The pain factor on this one is VERY HIGH because you’re probably going to spend a boatload of money before you discover that you’re failing.
Deadly Mistake 4: No unique value proposition.
To illustrate my point, let me take you back, back, back in time to the heyday of U.S. retailing giant K-Mart. Here was a company that predated Target and Wal-Mart but lost the retail leadership position it enjoyed because it lacked a clear value proposition. K-Mart pioneered the idea of everyday low prices but could not keep up with Wal-Mart’s dominant global supply chain technology. So it abandoned that idea and tried to sign on designers and celebrities to provide exclusive clothes and home products to compete with Target. This confused its core customers (seniors who wanted to find the latest in polyester) and loyal Target customers wouldn't be caught dead in a K-Mart.
So, it spent a fortune on bigger, newer stores (remember Super K-Mart?) that were Target-like but still selling goods that nobody wanted … at prices higher than Wal-Mart. Confused yet? I
Anyhow carrying on with the story, K-Mart’s last gasp was to leverage the chain’s iconic "blue light specials." In the 1990s, it created "Mr. Bluelight". The company said, "Mr. Bluelight does not just represent a sale or clearance anymore. With Mr. Bluelight, we are making the shopping experience fun. We know there are more people than ever today who see shopping as an escape and a reward, and we are giving them the entertainment and excitement they seek."
WHAT?? The best thing they had going for them was the blue-light clearance and now they are abandoning it for yet another value proposition: K-Mart is FUN and EXCITING?
My dear readers, how is that for creating a clear value prop for consumers!!
So what can we learn from K-Mart’s demise? If you’re starting a business, you must conduct upfront research to find your clear points of differentiation – what makes you UNIQUE in the marketplace? Why do customers should buy from you? The prospect’s unmet need your company will satisfy? Thats just the basic concept of value proposition you read in the books.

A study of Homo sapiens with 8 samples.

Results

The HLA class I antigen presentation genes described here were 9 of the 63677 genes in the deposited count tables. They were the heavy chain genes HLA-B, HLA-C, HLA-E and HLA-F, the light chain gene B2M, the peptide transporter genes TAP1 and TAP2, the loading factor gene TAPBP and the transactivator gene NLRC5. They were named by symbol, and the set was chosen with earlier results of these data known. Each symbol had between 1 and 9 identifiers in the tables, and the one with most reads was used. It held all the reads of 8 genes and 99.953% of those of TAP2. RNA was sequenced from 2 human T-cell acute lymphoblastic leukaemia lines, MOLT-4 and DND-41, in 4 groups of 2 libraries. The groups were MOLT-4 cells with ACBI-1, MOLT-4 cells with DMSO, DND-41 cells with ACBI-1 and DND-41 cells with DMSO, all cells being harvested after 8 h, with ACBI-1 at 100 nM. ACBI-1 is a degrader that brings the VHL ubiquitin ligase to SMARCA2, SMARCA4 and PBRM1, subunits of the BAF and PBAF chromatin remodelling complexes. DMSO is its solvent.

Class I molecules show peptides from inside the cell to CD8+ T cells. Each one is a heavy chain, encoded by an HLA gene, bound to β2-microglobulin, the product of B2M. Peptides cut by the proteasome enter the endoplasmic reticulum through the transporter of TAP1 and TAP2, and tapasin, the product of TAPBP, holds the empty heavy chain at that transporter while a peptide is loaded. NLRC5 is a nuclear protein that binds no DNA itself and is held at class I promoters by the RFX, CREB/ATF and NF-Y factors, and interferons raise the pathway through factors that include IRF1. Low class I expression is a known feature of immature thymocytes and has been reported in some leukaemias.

Once you have that strategy, you need to stick to it with a laser-focus.If you have an established business, your unique value proposition should be already well-understood – at least your customers understand it or you probably would not be in business! Still, you need to constantly check your strategy, adjust, re-invent yourself and defend your position, like Wal-Mart.
Many people get into business who think they can take on existing businesses and simply convince prospects they have a better product or service. They announce to the world, "We might not be first, but we're going to be better." That might be true, but if you're late, and you have to battle well-established competitors, bring a bundle of cash baby!
I'll ask all my readers a question here, was K-Mart really going to challenge a Wal-Mart that was rolling in cash? Never! A well-managed company is going to defend its market share ferociously until you are broke. So, once you have your niche, DOMINATE it.
Another pitfall is having a great value proposition but not being able to explain it simply. Can you explain what you sell and why you sell it in 30 seconds? Sometimes that can be excruciatingly difficult, especially if it's a new category or a new technology that requires education. The biggest marketing successes come with simple, but powerful explanations of the product offering.
Here was Wal-Mart’s value proposition: "Everyday low prices. Always." Compare it to K-Mart’s: "Home of the blue light special." Wal-Mart had a clear point of differentiation and could tell the story in four words, and later ONE word, "Always."
This economic recession is an excellent time to re-evaluate the relevance of your value proposition. Your customer needs are probably changing. Make sure you are innovating to stay aligned with the new unmet needs that are being created all the time.